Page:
An eight-person jury returned a $125 million verdict against a major retailer in favor of a Down syndrome woman claiming disability discrimination. The case, EEOC v. Walmart Stores East LP, U.S. District Court for the Eastern District of Wisconsin, Case No. 17-cv-70, produced a plaintiff’s award consisting of $150,000 in compensatory damages and an additional $125,000,000 in punitive damages following a four-day trial.
An interesting fact set for employers to consider
Given the magnitude of the verdict, the facts in this litigation are worth pondering. The plaintiff sued when the retailer-defendant terminated the plaintiff’s employment after a series of warnings and spotty job attendance. These measures followed a change in the plaintiff’s work hours, which were adjusted by the defendant based on business need after an analysis of customer traffic revealed the need to have employees present when the store was busiest. This shift change affected numerous employees.
The defendant sought summary judgment, which was denied by Judge William Griesbach, who concluded that the plaintiff, despite her disability, could perform the essential functions of the job, having satisfactorily performed those activities for the better part of 15 years. It was only after her schedule was changed that the plaintiff experienced significant problems with attendance, which she attributed to her Down syndrome. Further, Judge Griesbach found contested evidence as to whether the defendant could reasonably accommodate the plaintiff by allowing her to maintain her previous schedule or at least engage in other efforts to help her adjust to the change.
The court rejected the argument that plaintiff’s failure to conform to the attendance requirements justified a non-discriminatory termination and held that the employer had a duty to review whether flexing the attendance requirements was in the nature of a reasonable accommodation for a person with Down syndrome. Also, the court declined to consider whether the plaintiff’s regular action of leaving early was based on her desire or the product of her Down syndrome.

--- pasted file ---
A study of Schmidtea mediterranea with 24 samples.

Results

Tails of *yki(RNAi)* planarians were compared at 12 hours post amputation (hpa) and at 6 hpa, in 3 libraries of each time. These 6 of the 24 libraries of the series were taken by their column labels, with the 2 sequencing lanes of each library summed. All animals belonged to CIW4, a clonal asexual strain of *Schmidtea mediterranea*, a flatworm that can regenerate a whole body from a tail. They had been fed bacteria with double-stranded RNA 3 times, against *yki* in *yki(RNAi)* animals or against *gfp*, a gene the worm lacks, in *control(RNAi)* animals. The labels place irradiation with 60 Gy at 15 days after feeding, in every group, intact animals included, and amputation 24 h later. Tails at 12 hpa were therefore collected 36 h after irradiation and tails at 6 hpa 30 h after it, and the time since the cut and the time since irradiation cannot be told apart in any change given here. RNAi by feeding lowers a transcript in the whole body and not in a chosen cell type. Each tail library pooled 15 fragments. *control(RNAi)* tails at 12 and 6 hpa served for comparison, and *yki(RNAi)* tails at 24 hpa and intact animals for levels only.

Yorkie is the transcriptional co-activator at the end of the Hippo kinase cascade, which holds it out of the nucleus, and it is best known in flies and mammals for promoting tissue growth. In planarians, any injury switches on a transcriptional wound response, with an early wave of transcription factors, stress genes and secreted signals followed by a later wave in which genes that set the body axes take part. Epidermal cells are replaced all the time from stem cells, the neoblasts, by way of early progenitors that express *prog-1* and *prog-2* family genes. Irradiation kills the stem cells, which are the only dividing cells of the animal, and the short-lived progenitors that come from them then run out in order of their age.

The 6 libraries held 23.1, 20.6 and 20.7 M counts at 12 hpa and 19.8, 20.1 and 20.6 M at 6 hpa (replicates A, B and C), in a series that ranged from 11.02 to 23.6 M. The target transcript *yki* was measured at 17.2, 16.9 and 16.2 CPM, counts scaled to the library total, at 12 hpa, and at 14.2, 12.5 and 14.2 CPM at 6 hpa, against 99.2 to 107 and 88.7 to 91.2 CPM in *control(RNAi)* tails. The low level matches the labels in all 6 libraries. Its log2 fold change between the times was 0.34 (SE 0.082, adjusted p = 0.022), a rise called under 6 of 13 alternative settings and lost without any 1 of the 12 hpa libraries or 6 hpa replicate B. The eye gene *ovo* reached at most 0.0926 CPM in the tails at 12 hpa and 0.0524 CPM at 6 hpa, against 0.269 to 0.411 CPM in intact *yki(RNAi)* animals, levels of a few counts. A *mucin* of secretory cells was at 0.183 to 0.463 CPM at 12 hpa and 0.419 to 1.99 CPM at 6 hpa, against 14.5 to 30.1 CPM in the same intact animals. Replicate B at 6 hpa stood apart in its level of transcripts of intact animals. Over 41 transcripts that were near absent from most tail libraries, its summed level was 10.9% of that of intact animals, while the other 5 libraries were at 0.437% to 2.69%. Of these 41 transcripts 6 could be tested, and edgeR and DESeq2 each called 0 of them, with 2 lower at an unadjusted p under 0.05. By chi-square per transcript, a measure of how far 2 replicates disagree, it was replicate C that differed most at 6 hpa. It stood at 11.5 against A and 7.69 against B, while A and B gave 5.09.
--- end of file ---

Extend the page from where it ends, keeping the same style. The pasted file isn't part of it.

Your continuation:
Finally, the employer had argued in its summary judgment motion that punitive damages should not be considered at trial—if a trial was to be held—as the plaintiff would have to show that the employer engaged in intentional discrimination with “malice or with reckless indifference to the federally protected rights of an agreed individual” [EEOC v. Auto Zone, 707 F3rd 824, 835 (7 Cir. 2013)]. The court rejected this request. According to Judge Griesbach, the fact that Walmart supervisors undergo training on issues relating to the Americans with Disabilities Act (ADA) and that it has an entire department dedicated to addressing reasonable accommodations could serve as evidence that its failure to comply with the ADA was malicious or in reckless indifference to the plaintiff’s federal rights.
What this means to you
While many cases that result in extreme jury verdicts are appealed by unsuccessful defendants—and the final outcome of this case is yet to be decided—a few lessons seem clear. Courts and juries will hold large and sophisticated businesses to a high standard when reviewing an employer’s duty to reasonably accommodate a disabled employee. Further, the mere fact that an employee’s actions violate a clear and otherwise routinely enforced policy does not end the analysis. If the employee’s failure to comply with the policy can be related in some reasonable manner with the disabling condition, the duty to accommodate that disability will be significant.
Finally, the amount of the verdict emphasizes that juries can and will use dollars, even enormous dollars, to right what they perceive as a wrong. The employer and its counsel had fair warning from the summary judgment decision that punitive damages were at play but were undoubtedly shocked with the nine-digit award.
There are statutory limitations on the amount of punitive damage that can be awarded under the ADA. For large employers, that cap is $300,000. Almost certainly, the defendant will argue on appeal to limit the punitive damage award to no more than the damage cap, while alternatively arguing that punitive damages were improperly awarded. Nevertheless, the reality that a jury would choose to use such a substantial award to punish a large employer (or perhaps any employer engaged in conduct similar to that which the jury perceived in this case) forces employers to look carefully at employment circumstances effecting disabled employees, and particularly those with a long-term track record of meeting performance expectations, before demanding changes in that employee’s performance.